Back on the offensive
By Roger Bybee at Aug 19, 2009
On the Offensive, Trumka, Progressive Dems Revive Healthcare Battle
AFL-CIO Secretary-Treasurer Richard Trumka (center) with President Barack Obama.
It’s been a cruel, cruel summer for pro-labor progressives—until the last couple days when AFL-CIO Secretary-Treasurer Richard Trumka and 60 House Democrats came out swinging for a Medicare-based public option in any healthcare reform plan.
The summer started bright with promise: a popular Democratic president elected on a mandate for healthcare reform, a filibuster-proof 60-vote majority in the Senate, and an overwhelming majority in the House.
But soon, labor law reform was stripped of important features like “card-check” recognition, in large part because of conservative, pro-corporate Democrats.
Then these conservative Democrats—the Blue Dogs in the House, the Max Baucus/Evan Bayh-types in the Senate—turned their attention to chewing up health reform, converting some key provisions into major gifts to insurers and Big Pharma:
- The most rational and popular (67% of general public; 59% of doctors) solution, Medicare for All (aka “single payer”) was immediately ruled “off the table.”
- Lacking a clear sense of Obama’s key objectives for reform, reform supporters anxiously sat on their hands, waiting for something to do. Meanwhile, intimidating mobs sponsored by wealthy Rightists jammed town hall meetings, creating the false yet indelible image in the media that “grassroots” Americans were turning against government intervention.
- “Universal” coverage has been translated into a mandate for individuals to buy over-priced, loophole-ridden private health insurance. Instead of a basic human right for all Americans, we are now looking at an unreliable and onerous burden imposed on families that is currently unraveling in Massachusetts’ “reform.” The ultimate effect is more insurance customers and higher profits, not guaranteed coverage for all.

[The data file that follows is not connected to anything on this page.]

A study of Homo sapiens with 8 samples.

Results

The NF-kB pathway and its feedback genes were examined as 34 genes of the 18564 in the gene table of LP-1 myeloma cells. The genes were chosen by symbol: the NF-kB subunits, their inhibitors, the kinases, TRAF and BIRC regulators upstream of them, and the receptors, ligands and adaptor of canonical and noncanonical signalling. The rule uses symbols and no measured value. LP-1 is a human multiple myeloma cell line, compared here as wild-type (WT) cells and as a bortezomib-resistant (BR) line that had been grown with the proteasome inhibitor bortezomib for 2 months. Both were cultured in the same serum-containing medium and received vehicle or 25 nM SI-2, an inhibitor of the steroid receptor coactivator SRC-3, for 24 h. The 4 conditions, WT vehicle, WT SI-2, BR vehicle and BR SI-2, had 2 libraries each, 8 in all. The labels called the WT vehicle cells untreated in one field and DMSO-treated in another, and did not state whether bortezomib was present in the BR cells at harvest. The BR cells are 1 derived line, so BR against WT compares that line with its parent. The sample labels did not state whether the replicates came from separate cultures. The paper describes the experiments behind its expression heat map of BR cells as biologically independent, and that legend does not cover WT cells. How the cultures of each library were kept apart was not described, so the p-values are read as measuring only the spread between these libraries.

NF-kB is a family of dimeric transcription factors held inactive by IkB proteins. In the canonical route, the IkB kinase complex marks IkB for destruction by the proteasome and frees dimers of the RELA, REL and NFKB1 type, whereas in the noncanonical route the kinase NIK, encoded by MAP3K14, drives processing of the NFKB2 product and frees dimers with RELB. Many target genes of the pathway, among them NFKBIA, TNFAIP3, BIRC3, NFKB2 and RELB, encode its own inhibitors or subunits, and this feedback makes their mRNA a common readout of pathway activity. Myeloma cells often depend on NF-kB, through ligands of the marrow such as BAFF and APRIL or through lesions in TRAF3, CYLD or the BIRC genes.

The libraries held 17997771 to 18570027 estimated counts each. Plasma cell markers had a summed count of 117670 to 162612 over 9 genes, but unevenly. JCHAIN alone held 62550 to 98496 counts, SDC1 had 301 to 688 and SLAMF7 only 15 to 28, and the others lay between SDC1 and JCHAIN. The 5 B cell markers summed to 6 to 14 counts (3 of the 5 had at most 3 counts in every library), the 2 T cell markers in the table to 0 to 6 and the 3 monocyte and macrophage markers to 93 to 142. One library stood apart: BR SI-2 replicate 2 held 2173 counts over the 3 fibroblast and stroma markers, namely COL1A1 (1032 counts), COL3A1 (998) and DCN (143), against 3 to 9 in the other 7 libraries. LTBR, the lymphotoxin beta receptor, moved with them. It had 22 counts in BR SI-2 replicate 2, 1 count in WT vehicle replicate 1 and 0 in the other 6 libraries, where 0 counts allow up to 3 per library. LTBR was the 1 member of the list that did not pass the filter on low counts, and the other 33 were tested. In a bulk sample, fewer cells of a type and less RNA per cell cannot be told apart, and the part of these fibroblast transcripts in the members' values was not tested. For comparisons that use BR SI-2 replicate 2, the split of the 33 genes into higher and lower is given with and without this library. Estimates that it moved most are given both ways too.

- The Democrats handed Big Pharma huge giveaways in the form of bans on government-negotiated prices and imported low-cost drugs from Canada.
- Even with numerous GOP congresspeople knowingly spreading the false and absurd “pull-the-plug-on-Grandma” lie, Max Baucus and some Obama spokesmen continue to speak of seeking bi-partisan backing for reform.
But the latest insult to labor and progressives—signals that the Medicare-based “public option” was about to be dropped—proved to be the tipping point.
Most striking was the articulate and forceful response of Trumka, the all-but-certain incoming president of the AFL-CIO, who firmly declared that labor would not support Democrats who opposed the public option and backed regressive funding of health coverage.
Driving home virtually the same message, 60 Democratic members of the House declared in a letter to Health and Human Services Secretary Kathleen Sebelius that they would not vote for any health reform that did not contain a strong, Medicare-based public option.
“In particular, the emerging Senate Finance Committee plan—which seems unlikely to contain a public option and could end up taxing pricey health care packages—seems almost guaranteed to incite the unions,” reported Sam Stein of Huffington Post.
“We’ll oppose it,” Trumka said, when asked about any bill that ends the tax exemption for employer coverage. “It’s actually a stupid concept because if you tax those that have it to pay for those that don’t, eventually those that have [benefits] won’t. Then who do you ultimately tax?”
While the Obama administration and conservative Dems have been busy accommodating insurers and Big Pharma, Trumka made it clear that there was a fundamental divide on the issue, and labor is going to actively fight the forces seeking to amass more profits from reform. “The special interests, the pharmaceutical industry, the health care industry are so vested in the current system they’ll so anything to keep it this way and we have a job to do there,” he told Huffington Post.
“We’re also going to keep politicians strong so that they don’t listen to the moneymen and continue to erode away or negotiate away a program [so much that it] ultimately becomes useless,” Trumka vowed. “Right now, without a public option, [reform] becomes useless. It won’t change the current system.”
Trumka’s decision to draw a line in the sand comes at a crucial moment for genuine reformers to regain control of the debate. It’s also a very promising sign that labor may be reviving itself.